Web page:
September 25, 2017

South Africa’s Wits University and China boost mining research collaboration


The collaboration, underway since January 2013, researches underground communication systems, risk measurement through sensors, risk modelling and prediction of harm – while the new initiative will focus on accurately locating workers relative to mine risks, using GPS-like underground positioning.

“Every day, thousands of mineworkers report for duty and shortly afterwards disappear into the underground workings,” said Professor Fred Cawood of the Wits Mining Institute.  “Once underground, it is hard to protect them from harm because we don’t know what risks they are exposed to – or where and when those risks occur. At the end of the shift, they return – and this is the first time we can check that they are all back safely.”

Professor Cawood said this situation was not good enough to pursue a zero harm objective.

“The way to overcome this problem is, firstly, to accurately locate workers relative to machines, excavations and other typical mining risks in real time,” he said, “and secondly, to communicate directly with them should they find themselves in harm’s way.”

This initiative is a step toward realising the vision of being a world-leading laboratory with networks to mining in China and Africa, with an initial focus on mining geospatial informatics research.

According to CUMT President, Professor Shirong Ge, his institution’s long history of cooperation with Wits and other African countries (including Mozambique, Togo, Botswana and the Comoros) laid a strong foundation for the initiative. Geospatial technology in China has achieved a leading global position after decades of development – as did the BeiDou Navigation Satellite System.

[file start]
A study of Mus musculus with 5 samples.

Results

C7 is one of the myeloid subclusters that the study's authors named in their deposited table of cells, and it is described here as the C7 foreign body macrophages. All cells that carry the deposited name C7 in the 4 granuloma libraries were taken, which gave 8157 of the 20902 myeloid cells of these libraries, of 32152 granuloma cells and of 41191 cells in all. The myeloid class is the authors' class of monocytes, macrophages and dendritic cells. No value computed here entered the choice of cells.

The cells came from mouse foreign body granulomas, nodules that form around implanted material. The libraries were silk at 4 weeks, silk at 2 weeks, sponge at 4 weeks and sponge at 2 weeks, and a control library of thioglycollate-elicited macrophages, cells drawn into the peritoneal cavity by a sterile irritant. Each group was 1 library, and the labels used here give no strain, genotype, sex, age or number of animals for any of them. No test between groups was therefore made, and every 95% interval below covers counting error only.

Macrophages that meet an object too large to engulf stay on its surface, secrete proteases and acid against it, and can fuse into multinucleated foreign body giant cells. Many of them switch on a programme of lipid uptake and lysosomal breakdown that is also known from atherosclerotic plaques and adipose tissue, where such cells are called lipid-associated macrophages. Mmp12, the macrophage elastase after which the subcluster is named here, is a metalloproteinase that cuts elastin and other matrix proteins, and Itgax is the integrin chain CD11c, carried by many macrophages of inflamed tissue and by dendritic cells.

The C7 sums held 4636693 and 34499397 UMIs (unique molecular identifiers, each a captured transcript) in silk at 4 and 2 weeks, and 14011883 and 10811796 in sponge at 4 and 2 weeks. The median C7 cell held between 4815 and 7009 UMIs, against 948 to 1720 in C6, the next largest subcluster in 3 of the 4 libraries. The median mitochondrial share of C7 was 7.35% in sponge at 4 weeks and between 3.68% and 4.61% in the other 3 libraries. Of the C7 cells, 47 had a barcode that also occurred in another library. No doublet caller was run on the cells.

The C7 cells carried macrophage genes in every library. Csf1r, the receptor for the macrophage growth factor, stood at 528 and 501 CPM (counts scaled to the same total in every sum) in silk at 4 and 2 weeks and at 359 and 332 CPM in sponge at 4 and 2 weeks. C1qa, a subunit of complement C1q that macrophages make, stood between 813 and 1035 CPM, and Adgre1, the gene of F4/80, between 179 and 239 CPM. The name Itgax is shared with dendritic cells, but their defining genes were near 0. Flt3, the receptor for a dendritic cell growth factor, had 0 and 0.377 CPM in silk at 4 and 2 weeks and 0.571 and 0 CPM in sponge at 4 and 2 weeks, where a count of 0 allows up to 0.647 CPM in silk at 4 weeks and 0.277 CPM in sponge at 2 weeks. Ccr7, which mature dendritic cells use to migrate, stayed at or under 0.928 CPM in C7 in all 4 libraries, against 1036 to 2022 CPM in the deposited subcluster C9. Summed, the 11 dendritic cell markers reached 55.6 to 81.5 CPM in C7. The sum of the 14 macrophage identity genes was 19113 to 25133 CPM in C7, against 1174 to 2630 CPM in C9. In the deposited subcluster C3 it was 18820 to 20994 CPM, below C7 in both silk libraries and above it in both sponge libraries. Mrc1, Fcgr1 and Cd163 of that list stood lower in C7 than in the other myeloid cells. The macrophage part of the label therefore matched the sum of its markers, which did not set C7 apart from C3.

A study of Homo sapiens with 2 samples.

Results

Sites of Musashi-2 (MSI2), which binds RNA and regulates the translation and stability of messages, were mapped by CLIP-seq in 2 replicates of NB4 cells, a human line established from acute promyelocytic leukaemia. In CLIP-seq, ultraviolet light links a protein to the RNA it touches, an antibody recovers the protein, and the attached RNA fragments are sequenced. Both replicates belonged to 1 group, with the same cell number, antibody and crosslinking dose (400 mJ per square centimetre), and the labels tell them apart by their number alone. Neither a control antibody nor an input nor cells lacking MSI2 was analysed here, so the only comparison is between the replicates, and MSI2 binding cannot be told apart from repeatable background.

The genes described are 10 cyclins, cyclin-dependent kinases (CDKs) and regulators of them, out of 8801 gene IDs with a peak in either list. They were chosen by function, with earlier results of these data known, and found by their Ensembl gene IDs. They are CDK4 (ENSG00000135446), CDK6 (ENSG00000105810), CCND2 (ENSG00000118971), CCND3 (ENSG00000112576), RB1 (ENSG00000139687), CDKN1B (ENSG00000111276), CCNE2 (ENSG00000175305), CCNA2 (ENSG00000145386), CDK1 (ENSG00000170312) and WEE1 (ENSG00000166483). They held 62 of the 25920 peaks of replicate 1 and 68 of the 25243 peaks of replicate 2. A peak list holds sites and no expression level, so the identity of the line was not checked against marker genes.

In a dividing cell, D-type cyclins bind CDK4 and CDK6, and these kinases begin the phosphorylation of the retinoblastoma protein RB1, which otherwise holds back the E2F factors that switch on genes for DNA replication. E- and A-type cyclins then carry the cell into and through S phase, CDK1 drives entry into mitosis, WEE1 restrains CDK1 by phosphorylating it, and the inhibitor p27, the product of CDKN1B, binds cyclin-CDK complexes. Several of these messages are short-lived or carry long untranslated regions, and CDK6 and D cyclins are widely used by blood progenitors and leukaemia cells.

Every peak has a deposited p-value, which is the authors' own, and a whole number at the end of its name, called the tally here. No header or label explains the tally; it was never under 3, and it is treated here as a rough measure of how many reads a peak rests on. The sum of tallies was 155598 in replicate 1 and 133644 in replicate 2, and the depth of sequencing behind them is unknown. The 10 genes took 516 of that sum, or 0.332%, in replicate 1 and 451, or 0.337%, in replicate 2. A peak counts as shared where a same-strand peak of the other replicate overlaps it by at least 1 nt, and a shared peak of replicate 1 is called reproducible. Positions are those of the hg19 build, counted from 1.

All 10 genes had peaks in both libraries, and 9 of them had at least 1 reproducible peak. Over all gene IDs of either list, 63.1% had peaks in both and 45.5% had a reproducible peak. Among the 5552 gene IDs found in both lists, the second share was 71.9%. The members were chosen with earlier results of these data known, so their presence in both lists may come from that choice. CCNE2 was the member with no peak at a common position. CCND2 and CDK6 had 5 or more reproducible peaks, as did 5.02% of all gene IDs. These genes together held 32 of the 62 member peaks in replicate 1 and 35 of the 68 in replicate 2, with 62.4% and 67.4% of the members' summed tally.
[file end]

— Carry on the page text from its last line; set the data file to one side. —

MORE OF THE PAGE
“Universities like ours have the responsibility to introduce these advanced technologies to the international market,” he said “I believe that this new laboratory will contribute to the application of these technologies, and promote the economic, social and technological development of both Africa and China.”

Speaking at the ceremony, Deputy Director-General of Science and Technology, Dr Jing Guffei, pledged the support of China’s Ministry of Science and Technology.

“Geospatial informatics technology has been playing an important role in the development of the national economy, especially in the mining area,” said Dr Guffei. “It is relevant to natural disaster monitoring and evaluation, macro resources environment investigation and protection of land and resources. This initiative between CUMT and Wits will become a landmark achievement in China-Africa cooperation in science and technology.”

Key themes and activities of the Joint Laboratory include:

  • Geospatial positioning, including research on China’s GNSS plan and indoor positioning systems, and possibly building a BeiDou data analysis centre and monitoring stations in Africa;
  • Mobile and underground platforms, including Position, Navigate and Time (PNT), extension of indoor to underground positioning systems, and multi-sensor positioning and navigation systems;
  • Digital Mining, including ground, environmental and other mine risk monitoring for mine safety, operational efficiency and Mineral Resource Management;
  • Mining and geospatial software development and application, including the development of risk maps; and
  • Education and training for African countries, including technology development and application courses.

According to Professor Cawood, the work of the Joint Laboratory will benefit both China and Africa, as they work together on a range of solutions for the many mining challenges and problems in Africa.

“Perhaps our biggest opportunity is in the long-term, where we can work on 21st century mining education and skills for African countries – to ‘leapfrog’ our current technology gap in this area,” he said. “This will give Africans the capacity to manufacture, install and maintain technology solutions developed and designed in this Joint Laboratory.”